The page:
Power violence four-piece looks beyond house shows



With a caustic mix of male and female screaming, and newer songs that dare to surpass the one-minute mark, Atlanta power violence four-piece Cheap Art is fast becoming a fixture on the national hardcore scene. Since forming in December of 2011, the group has made swift strides by doubling a lineup that began with guitarist Bryan Scherer and drummer Andrew Wilson (ex-Weather Underground), and in the process expanding its sound. After spending just a couple of months performing as a duo, the band added Matt Gibson-Hatcher as bass player and occasional vocalist. Later, vocalist Avry Marie joined the fold as well, further building on Cheap Art's aesthetic and sonic capabilities. "We could play more complicated songs after Avry joined because we didn't have to focus on singing," Gibson-Hatcher says.

Cheap Art crams a myriad of working parts into 20 or 30 seconds without embracing the traditional rock chorus or self-aggrandizing solos. "Hate City Machismo," from the group's recently released Desocialized 7-inch, packs numerous instrumental and vocal changes into just 39 seconds. It's precisely this sense of harsh brevity, paired with breakdowns, tempo changes, and punk fury, that has resulted in the group being labeled a power violence act — a dissonant and extreme offshoot of traditional hardcore.

This widening sound has landed the group on dozens of bills with local punk and metal peers, as well as touring bands, allowing Cheap Art the chance to be heard beyond the local hardcore scene. "People ask us about GG King, Carbonas, and Bukkake Boys in some cities with bigger scenes, though we're mainly asked about metal bands and Mastodon," Gibson-Hatcher says. "That has changed some since the Land of Nod [Atlanta punk and hardcore] compilation came out. Now people want to know what those bands are about."

Gibson-Hatcher also points to Atlanta DIY label Scavenger of Death's growing local hardcore catalog, and Atlanta's hardcore/DIY scene of the '90s, including bands such as Quadiliacha (a Carbonas and GG King predecessor), that show "it's possible to put out records and tour while playing this kind of music."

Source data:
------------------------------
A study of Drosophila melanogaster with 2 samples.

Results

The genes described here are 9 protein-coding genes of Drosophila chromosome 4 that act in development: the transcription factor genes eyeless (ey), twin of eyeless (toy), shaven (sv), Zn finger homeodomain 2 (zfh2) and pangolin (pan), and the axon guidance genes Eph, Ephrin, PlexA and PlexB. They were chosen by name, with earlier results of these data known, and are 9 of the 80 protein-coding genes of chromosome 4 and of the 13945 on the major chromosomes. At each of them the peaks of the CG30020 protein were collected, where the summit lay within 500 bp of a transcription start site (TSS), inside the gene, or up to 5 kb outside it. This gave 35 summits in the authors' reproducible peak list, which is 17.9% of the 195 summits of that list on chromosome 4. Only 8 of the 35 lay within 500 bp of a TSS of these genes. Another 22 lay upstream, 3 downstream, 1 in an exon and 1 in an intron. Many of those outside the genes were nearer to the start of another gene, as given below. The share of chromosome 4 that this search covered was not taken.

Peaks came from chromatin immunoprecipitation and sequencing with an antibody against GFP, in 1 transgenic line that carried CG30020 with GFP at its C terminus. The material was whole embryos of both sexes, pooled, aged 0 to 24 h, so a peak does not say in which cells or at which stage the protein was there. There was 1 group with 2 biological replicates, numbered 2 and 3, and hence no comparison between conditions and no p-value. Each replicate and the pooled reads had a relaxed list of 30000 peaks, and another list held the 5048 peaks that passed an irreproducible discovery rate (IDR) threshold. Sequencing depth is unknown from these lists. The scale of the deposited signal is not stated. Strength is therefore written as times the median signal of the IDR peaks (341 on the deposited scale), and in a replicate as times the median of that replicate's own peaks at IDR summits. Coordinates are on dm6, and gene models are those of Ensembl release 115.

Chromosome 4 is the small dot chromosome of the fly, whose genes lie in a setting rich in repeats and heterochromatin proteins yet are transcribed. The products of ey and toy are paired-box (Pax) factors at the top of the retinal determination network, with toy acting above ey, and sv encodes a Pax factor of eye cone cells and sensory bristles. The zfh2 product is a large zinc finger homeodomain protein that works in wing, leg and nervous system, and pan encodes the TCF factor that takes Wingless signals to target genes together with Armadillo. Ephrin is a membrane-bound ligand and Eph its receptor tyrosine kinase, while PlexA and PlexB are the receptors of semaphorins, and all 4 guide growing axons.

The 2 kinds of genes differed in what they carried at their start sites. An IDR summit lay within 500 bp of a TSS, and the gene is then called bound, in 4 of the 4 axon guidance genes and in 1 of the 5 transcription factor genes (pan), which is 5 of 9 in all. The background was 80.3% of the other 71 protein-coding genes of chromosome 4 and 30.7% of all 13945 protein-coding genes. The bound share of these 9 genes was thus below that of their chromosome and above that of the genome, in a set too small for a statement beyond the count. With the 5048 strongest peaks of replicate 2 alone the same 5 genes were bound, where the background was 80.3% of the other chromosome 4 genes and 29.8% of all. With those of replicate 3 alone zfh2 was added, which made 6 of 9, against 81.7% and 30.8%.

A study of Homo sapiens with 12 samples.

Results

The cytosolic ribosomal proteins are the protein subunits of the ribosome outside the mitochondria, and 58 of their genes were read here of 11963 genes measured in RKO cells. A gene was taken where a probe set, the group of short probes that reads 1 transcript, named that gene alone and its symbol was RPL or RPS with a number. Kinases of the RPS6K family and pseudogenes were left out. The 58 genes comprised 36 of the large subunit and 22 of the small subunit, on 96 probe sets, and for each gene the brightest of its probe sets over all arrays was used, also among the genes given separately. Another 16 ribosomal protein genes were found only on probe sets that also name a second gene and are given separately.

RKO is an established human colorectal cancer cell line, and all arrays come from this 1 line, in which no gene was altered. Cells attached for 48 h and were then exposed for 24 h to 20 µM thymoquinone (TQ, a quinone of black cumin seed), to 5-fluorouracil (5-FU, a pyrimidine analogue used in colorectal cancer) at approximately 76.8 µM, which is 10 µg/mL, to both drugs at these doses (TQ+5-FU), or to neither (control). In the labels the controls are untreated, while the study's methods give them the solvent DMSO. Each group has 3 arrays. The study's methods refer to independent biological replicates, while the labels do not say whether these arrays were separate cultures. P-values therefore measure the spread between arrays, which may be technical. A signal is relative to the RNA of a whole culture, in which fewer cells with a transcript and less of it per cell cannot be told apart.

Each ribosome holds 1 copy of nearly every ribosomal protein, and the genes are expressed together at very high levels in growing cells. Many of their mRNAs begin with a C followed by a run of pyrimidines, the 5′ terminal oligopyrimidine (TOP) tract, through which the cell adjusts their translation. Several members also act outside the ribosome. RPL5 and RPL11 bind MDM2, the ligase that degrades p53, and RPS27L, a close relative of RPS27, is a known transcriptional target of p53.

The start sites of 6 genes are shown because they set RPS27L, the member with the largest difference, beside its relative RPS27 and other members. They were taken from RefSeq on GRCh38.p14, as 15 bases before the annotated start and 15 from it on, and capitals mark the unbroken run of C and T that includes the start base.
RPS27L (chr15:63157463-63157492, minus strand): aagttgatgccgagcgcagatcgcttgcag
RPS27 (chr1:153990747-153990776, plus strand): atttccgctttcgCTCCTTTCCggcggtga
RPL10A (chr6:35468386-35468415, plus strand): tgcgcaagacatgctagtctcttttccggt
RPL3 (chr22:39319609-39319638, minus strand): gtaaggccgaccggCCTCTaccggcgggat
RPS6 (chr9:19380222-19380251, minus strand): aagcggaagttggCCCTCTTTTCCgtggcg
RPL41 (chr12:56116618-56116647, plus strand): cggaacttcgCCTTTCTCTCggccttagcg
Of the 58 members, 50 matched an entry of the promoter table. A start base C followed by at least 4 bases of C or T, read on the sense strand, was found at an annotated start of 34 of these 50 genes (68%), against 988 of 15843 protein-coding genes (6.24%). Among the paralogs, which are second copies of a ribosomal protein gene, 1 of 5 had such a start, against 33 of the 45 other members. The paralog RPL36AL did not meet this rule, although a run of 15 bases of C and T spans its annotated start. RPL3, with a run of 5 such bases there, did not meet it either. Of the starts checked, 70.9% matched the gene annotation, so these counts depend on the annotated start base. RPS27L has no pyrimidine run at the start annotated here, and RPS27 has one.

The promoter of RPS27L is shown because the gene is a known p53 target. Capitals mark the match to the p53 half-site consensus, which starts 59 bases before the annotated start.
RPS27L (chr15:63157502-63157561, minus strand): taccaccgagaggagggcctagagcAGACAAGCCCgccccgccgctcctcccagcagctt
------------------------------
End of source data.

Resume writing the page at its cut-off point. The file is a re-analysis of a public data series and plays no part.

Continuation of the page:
After only one year performing as a four-piece, Cheap Art is staying busy following its local predecessors' DIY road map. The group recently completed its fourth tour and released its first official vinyl offering, a 7-inch pressed by Greensboro, N.C.'s Hygiene Records and Bloomington, Ind., label Reality is a Cult. While on tour this spring, the band was selling the 50 copies of the 7-inch's initial test pressing, as the record wasn't officially released until June.

Touring and networking as a hardcore band has required a play-anywhere mind-set. "It's probably 50-50 at this point, with us playing half of our shows on the road at house shows and warehouses, and the other half in bars," Gibson-Hatcher says.

While large living rooms or basements are a plus, they aren't a requirement. Gibson-Hatcher recalls one night on tour when the band played a set in Richmond, Va., in a kitchen: "It was so cramped that our singer was sitting on the sink throughout most of the set."

Cheap Art may already be living the DIY dream, but the group is aiming higher than 7-inches and house shows.

Says Gibson-Hatcher: "Our long-term goal is to tour the West Coast and then go to Japan."